Family doctors who object to referring patients for abortions should think about switching specialties, the man overseeing the Ontario College of Physicians and Surgeons’ revision of its ethics policy said this week.
Dr. Marc Gabel, a Toronto psychotherapist and past president of the college, told LifeSiteNews on Thursday that if his committee’s proposed revision of the college’s “Professional Obligations and Human Rights” is adopted, then if doctors refuse to refer patients to abortionists, or to doctors willing to prescribe contraceptives, they could face disciplinary action.
“If there were a complaint, every complaint is investigated by the complaint committee,” Dr. Gabel said. The complaint committee could deliver a mild private rebuke or turn over the matter to the disciplinary committee, which Gabel chaired for several years.
According to Dr. Carol Leet, the new president of the college, a doctor found guilty of professional misconduct by the disciplinary committee could face anything from remedial instruction to loss of his or her medical licence.
The college’s own online poll has produced a very one-sided result: of 32,000 responses, 77 percent affirm a doctor’s right “to refuse to provide a patient with a treatment or procedure because it conflicts with the physician’s religious or moral beliefs.” Only 23 percent believe the opposite.
The draft policy proposes: “Where physicians are unwilling to provide certain elements of care due to their moral or religious beliefs, an effective referral to another health care provider must be provided to the patient. An effective referral means a referral made in good faith to a non-objecting, available and accessible physician or other health-care provider.”
At the same time, the draft policy indicates that in some circumstances doctors should be forced to actually commit abortions and other acts that violate their conscience. If there is nobody to whom the patient can be referred, it states, then the doctor “must provide care that is urgent or otherwise necessary to prevent imminent harm, suffering, and/or deterioration, even where that care conflicts with their religious or moral beliefs.”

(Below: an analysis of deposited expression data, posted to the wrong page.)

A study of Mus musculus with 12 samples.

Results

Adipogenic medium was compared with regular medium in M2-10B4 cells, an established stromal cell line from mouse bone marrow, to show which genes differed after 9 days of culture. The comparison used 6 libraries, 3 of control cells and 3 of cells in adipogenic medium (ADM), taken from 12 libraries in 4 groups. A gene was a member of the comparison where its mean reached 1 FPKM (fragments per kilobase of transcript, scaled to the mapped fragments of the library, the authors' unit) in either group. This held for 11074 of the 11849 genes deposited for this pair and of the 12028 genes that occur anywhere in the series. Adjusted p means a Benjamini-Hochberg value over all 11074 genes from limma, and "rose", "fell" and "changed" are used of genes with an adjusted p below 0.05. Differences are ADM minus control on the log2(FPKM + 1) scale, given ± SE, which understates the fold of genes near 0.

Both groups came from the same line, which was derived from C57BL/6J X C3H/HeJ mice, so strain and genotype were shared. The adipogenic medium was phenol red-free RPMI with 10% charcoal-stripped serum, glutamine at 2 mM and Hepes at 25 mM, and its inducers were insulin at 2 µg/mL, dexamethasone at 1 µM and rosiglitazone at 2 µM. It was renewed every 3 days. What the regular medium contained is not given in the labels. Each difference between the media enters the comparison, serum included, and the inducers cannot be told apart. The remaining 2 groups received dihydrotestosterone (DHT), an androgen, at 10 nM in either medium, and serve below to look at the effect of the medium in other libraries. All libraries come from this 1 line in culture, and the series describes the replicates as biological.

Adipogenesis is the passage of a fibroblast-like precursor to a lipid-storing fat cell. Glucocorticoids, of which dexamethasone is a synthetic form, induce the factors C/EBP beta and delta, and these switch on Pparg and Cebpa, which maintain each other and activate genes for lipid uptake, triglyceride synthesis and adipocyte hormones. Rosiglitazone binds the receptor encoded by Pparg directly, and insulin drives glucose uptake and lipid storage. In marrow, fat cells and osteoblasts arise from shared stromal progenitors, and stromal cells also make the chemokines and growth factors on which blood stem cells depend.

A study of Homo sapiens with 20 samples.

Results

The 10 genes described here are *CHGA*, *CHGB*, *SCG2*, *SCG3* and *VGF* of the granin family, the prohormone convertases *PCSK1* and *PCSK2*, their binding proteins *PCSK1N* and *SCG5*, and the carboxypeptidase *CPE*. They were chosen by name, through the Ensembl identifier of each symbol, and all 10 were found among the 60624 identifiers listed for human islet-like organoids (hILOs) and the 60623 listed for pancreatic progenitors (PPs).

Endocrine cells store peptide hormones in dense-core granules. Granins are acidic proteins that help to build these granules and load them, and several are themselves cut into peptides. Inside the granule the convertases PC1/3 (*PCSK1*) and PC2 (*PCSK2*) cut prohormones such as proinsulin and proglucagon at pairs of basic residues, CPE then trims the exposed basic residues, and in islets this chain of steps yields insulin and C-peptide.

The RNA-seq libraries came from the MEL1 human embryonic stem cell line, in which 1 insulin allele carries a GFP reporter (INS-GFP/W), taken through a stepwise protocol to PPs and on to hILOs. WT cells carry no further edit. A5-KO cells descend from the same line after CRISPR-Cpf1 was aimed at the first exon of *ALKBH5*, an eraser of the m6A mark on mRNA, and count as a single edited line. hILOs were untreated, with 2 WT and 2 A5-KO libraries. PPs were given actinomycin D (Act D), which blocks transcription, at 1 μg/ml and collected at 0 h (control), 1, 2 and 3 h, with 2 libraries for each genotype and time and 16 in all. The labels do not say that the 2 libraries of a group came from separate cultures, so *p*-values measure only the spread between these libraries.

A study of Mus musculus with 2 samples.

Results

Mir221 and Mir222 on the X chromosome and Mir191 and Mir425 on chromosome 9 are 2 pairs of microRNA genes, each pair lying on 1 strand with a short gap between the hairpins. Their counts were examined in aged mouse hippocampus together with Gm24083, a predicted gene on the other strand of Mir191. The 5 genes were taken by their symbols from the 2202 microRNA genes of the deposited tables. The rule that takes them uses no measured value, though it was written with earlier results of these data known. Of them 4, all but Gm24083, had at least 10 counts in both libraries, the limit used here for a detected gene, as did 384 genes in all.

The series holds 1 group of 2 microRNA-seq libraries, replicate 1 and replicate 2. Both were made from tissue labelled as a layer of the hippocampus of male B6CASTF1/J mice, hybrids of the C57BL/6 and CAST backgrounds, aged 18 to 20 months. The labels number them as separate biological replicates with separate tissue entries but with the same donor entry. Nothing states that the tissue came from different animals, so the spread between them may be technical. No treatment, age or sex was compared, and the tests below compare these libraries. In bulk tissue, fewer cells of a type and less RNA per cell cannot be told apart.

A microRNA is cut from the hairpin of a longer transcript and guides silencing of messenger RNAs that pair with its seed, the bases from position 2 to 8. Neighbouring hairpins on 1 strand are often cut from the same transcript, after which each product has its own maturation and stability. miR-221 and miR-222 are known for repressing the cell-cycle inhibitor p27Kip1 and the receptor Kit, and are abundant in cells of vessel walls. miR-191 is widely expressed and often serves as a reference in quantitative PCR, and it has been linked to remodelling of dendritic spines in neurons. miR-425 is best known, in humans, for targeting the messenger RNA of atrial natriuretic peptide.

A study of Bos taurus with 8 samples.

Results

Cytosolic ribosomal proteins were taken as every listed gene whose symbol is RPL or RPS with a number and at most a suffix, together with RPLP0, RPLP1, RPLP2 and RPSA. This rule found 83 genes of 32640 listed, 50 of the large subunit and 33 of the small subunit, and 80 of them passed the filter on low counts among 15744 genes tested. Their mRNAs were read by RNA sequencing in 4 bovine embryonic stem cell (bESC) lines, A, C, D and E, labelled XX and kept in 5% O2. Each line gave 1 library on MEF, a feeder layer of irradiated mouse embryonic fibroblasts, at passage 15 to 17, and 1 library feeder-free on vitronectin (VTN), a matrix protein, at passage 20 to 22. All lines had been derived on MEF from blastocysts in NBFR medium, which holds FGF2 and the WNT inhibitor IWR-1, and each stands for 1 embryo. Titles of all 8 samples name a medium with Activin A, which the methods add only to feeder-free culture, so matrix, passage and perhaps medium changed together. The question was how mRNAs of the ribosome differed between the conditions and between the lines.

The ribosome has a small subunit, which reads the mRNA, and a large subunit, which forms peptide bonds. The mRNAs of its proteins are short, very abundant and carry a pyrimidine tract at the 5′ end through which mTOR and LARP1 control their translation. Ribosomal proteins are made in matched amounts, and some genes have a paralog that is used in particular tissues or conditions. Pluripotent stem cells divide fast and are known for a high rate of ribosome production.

Dr. Gabel told the Catholic Register that doctors who could not abide the requirement might want to move into another speciality. “It may well be that you would have to think about whether you can practice family medicine as it is defined in Canada and in most of the Western countries. … Medicine is an amazingly wide profession with many, many areas to practice medicine.”
Dr. Leet believes that the “the religious beliefs of some doctors cannot outweigh the patients’ right to choose” whatever medical service they believe is appropriate. Patients have a right to receive “an effective referral” from any doctor.
But if there is indeed a patient’s right to be referred to an abortionist, McGill University religious studies professor Douglas Farrow told LifeSiteNews, “then I claim the patient’s right to a doctor who shares my belief that abortion is wrong. But this committee wants to drive all such doctors out of practice. What about my rights?”
Farrow further argued that, “If the Charter of Rights and Freedoms means anything by freedom of religion and conscience, it must mean that nobody can be forced to act against his faith or conscience. But that is what the Ontario College is considering doing to its own doctors.”
Farrow went on to urge “the Catholic bishops and all Christians to speak out now and stand by their doctors. Governments may compromise their consciences but Christians cannot. It is their duty to resist laws that are contrary to what is morally right.”
The Ontario College of Physicians and Surgeons’ governing council will vote on the proposed policy in June. They are welcoming feedback on the draft policy until February 20.
Information about providing feedback on the policy can be found here.